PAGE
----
Torture is torture!   The Obama Administration has been loath to acknowledge that the Americans have engaged in torturing people.    The New York Times has gone along with the absurd euphemism of "enhanced interrogation techniques" a la what the Government has described it as.  But, no longer....

"In an announcement on Thursday, the New York Times' executive editor Dean Baquet said the widely-read newspaper—at the urging of reporters in the newsroom—will end its  long-held and widely criticized practice of calling torture  by the U.S. government "enhanced interogation techniques" and instead call it by its "common" name: torture.

In his statement posted on the paper's website, Baquet said:

Over the past few months, reporters and editors of The Times have debated a subject that has come up regularly ever since the world learned of the C.I.A.’s brutal questioning of terrorism suspects: whether to call the practices torture.

When the first revelations emerged a decade ago, the situation was murky. The details about what the Central Intelligence Agency did in its interrogation rooms were vague. The word “torture” had a specialized legal meaning as well as a plain-English one. While the methods set off a national debate, the Justice Department insisted that the techniques did not rise to the legal definition of “torture.” The Times described what we knew of the program but avoided a label that was still in dispute, instead using terms like harsh or brutal interrogation methods.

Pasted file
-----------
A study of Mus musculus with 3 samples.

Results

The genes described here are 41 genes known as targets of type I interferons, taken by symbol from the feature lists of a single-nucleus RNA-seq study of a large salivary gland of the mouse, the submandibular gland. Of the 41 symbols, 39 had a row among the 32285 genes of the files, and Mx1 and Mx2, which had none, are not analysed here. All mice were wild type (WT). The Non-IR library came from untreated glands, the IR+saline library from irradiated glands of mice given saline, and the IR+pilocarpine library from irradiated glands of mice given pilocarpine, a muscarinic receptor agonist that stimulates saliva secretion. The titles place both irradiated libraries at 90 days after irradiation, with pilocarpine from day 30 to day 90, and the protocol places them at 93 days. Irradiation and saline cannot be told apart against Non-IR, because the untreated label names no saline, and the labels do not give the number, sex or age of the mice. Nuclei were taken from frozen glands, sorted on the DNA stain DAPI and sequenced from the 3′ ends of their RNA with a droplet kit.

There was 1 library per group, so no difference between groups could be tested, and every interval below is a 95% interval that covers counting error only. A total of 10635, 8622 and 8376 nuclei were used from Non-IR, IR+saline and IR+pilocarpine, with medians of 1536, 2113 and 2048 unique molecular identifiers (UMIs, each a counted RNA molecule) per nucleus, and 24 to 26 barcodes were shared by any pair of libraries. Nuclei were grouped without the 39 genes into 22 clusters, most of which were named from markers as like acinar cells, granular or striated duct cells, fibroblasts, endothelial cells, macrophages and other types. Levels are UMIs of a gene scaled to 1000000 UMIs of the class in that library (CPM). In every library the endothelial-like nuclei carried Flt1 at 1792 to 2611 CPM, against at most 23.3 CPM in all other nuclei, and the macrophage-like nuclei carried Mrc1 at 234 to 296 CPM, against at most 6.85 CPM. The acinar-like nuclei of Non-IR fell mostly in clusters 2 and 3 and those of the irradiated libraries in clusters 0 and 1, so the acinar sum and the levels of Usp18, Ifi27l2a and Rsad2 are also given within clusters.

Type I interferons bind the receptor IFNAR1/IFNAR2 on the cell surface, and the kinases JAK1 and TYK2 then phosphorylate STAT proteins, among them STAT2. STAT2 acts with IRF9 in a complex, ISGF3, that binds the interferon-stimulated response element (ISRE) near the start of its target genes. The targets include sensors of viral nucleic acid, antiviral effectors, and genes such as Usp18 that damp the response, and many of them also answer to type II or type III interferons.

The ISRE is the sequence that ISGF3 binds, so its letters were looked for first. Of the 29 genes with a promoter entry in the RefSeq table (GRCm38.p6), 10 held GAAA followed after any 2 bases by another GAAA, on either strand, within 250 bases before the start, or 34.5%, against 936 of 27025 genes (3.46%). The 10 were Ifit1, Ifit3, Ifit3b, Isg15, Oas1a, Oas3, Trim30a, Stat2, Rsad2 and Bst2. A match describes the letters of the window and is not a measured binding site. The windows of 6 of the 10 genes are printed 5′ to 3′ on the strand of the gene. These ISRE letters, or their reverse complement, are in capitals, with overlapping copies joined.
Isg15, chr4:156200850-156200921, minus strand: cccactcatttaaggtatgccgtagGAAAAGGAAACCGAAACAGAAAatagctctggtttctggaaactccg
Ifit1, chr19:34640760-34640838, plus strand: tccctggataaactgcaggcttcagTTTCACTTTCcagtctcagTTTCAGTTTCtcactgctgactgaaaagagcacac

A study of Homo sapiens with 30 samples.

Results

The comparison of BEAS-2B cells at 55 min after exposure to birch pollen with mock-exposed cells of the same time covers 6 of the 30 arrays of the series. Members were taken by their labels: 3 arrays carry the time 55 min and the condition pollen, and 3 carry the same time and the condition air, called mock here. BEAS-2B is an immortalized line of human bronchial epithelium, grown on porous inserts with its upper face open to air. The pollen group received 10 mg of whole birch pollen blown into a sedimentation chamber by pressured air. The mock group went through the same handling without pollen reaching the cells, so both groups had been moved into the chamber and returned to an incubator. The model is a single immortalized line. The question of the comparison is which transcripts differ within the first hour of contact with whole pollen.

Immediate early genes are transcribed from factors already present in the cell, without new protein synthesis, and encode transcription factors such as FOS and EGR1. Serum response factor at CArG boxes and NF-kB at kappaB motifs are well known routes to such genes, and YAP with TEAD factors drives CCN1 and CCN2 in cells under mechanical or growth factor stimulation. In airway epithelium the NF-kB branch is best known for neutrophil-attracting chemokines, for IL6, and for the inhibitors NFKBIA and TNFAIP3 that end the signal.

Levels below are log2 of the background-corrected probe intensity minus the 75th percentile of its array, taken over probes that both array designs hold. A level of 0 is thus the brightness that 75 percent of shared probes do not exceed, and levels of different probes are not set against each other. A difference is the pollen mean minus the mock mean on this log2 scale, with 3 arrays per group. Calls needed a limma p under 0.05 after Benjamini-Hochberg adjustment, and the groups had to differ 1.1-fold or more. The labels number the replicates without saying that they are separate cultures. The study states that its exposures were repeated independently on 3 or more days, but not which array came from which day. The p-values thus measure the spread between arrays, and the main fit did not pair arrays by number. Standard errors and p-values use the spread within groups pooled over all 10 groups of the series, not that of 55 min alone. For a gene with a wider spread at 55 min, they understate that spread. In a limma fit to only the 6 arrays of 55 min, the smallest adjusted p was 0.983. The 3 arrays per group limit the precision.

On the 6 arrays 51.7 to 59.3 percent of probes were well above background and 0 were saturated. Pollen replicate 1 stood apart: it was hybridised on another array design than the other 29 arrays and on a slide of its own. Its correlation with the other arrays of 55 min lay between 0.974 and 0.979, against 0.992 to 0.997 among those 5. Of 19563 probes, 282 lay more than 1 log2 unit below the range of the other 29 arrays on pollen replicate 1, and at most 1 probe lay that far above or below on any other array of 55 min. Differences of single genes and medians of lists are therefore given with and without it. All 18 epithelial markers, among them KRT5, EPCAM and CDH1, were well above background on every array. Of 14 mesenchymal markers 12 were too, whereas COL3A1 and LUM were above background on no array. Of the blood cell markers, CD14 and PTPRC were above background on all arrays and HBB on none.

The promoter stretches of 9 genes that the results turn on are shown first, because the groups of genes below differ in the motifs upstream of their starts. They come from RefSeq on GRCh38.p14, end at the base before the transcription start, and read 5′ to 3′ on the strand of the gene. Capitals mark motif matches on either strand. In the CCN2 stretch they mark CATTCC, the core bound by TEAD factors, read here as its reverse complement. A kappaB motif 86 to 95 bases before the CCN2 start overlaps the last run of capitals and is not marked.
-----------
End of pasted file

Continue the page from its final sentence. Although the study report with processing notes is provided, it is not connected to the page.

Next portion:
But as we have covered the recent fight over the Senate report on the C.I.A.’s interrogation program – which is expected to be the most definitive accounting of the program to date – reporters and editors have revisited the issue. Over time, the landscape has shifted. Far more is now understood, such as that the C.I.A. inflicted the suffocation technique called waterboarding 183 times on a single detainee and that other techniques, such as locking a prisoner in a claustrophobic box, prolonged sleep deprivation and shackling people’s bodies into painful positions, were routinely employed in an effort to break their wills to resist interrogation.

Strikingly, it was the Times itself which reported that the CIA waterboarded Khalid Sheik Mohammed '183 times' in 2009, as it credited national security blogger Marcy Wheeler who noticed the shocking detail in a 2005 Bush administration memo."